The Gurney bookplate is an attractive one, depicting in the foreground a man and woman--Asa and Rosamund themselves?--at a Paris bookstall. The man has a book in hand and in the background the awesome Notre-Dame Cathedral.
However, for the purposes of this blog, what is most interesting about the Gurney bookplate is the Gurneys themselves, or, more particularly, Asa Guy Gurney, who, it seems, once featured prominently in a noted American criminal case.
Back in 1894 $22,500 was found missing from a safe sent from the Bank of Commerce, New York to the Whitney National Bank, New Orleans. This would be worth over $662,000 USD today, making this no petty theft, to say the least. David N. Carvalho, an expert in handwriting from New York, was called in to investigate the case.
On the American Express envelope containing the key of the safe, Carvalho discovered, under the lens of his microscope, "the faint impression of a man's right thumb in the wax of a broken seal." He determined that the telltale thumb mark identically matched that of the agent of the American Express Company in New Orleans, who happened to be--you've probably guessed it--one Asa Guy Gurney.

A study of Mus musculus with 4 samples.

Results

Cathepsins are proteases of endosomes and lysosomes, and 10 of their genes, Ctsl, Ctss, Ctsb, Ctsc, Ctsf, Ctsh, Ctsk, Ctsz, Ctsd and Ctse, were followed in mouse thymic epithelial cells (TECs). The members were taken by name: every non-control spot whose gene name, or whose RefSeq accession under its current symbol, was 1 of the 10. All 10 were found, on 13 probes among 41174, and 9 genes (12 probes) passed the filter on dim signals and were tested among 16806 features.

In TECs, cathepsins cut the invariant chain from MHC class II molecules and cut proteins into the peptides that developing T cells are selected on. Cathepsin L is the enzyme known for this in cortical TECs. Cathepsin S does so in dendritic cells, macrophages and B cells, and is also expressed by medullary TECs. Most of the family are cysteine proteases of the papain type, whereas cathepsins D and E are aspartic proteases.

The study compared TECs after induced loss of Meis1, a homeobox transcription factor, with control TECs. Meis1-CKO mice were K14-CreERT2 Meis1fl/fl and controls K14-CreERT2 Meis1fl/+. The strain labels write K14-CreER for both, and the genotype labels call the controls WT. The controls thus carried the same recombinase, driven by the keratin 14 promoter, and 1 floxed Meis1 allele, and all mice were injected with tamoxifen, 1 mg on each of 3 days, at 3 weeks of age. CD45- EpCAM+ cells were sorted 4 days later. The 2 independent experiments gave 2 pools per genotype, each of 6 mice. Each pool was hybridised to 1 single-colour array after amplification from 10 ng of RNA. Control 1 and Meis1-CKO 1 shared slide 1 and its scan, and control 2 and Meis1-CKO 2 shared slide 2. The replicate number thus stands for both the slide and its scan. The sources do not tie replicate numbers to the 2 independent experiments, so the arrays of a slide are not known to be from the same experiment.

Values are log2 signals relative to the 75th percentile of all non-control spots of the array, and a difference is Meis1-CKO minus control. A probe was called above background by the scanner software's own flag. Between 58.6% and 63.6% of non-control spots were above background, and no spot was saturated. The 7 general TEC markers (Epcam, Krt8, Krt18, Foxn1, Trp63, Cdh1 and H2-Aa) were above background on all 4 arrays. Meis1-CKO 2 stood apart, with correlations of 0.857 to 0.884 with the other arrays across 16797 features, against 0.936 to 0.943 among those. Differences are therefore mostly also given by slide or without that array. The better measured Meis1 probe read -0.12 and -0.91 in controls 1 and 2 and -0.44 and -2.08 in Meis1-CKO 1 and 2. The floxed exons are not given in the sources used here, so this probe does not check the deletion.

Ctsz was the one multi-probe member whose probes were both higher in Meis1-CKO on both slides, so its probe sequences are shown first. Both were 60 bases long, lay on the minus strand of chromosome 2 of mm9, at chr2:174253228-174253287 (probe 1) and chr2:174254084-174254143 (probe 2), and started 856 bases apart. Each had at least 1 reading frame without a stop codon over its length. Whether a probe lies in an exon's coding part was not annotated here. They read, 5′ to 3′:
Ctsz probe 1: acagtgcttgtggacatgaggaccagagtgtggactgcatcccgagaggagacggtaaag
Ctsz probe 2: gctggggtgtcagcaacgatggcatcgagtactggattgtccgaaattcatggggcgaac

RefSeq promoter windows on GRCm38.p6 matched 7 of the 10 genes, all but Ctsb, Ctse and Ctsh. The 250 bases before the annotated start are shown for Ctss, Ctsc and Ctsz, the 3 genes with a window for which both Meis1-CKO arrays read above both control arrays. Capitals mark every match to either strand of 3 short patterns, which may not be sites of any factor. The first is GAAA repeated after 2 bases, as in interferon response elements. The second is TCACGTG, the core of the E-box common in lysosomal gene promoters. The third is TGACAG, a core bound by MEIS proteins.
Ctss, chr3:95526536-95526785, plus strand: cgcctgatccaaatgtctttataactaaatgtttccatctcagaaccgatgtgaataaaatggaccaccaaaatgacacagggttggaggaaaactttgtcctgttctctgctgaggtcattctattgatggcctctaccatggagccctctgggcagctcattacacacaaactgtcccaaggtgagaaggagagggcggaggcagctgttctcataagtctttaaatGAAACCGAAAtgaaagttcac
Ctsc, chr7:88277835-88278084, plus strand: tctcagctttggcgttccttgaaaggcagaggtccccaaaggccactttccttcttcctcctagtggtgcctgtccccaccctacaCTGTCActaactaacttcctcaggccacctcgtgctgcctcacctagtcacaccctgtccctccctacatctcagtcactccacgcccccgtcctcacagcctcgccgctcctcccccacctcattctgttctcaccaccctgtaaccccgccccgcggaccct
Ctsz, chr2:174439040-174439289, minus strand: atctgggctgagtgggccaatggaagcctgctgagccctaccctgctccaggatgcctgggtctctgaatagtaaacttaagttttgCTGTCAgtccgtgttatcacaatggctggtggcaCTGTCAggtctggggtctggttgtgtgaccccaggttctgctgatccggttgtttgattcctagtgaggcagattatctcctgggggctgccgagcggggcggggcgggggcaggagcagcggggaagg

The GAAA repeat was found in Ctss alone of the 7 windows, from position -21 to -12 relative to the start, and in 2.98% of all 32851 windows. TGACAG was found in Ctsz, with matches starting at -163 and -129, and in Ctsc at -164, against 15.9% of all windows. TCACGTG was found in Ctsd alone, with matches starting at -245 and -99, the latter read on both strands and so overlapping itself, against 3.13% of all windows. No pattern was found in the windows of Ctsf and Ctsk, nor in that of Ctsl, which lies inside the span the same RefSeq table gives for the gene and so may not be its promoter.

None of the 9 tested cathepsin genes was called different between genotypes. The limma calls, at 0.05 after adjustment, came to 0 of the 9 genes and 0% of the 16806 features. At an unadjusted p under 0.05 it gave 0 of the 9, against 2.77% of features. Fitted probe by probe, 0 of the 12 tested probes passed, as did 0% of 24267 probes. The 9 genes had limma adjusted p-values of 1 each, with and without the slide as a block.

Apparently in the leisure years he enjoyed after his crime, Asa Guy Gurney as a hobby perused crime fiction. Assuming the owner of Dead Man Twice was the same Asa Guy Gurney who pilfered the bank safe back in 1894, one can only say, how appropriate!
Mystery writer R. Austin Freeman later explored the matter of crime and thumb marks in his landmark scientific detective novel The Red Thumb Mark, while Arthur Conan Doyle is said to have publicly praised Carvalho's "nicety of reasoning" in the Gurney case.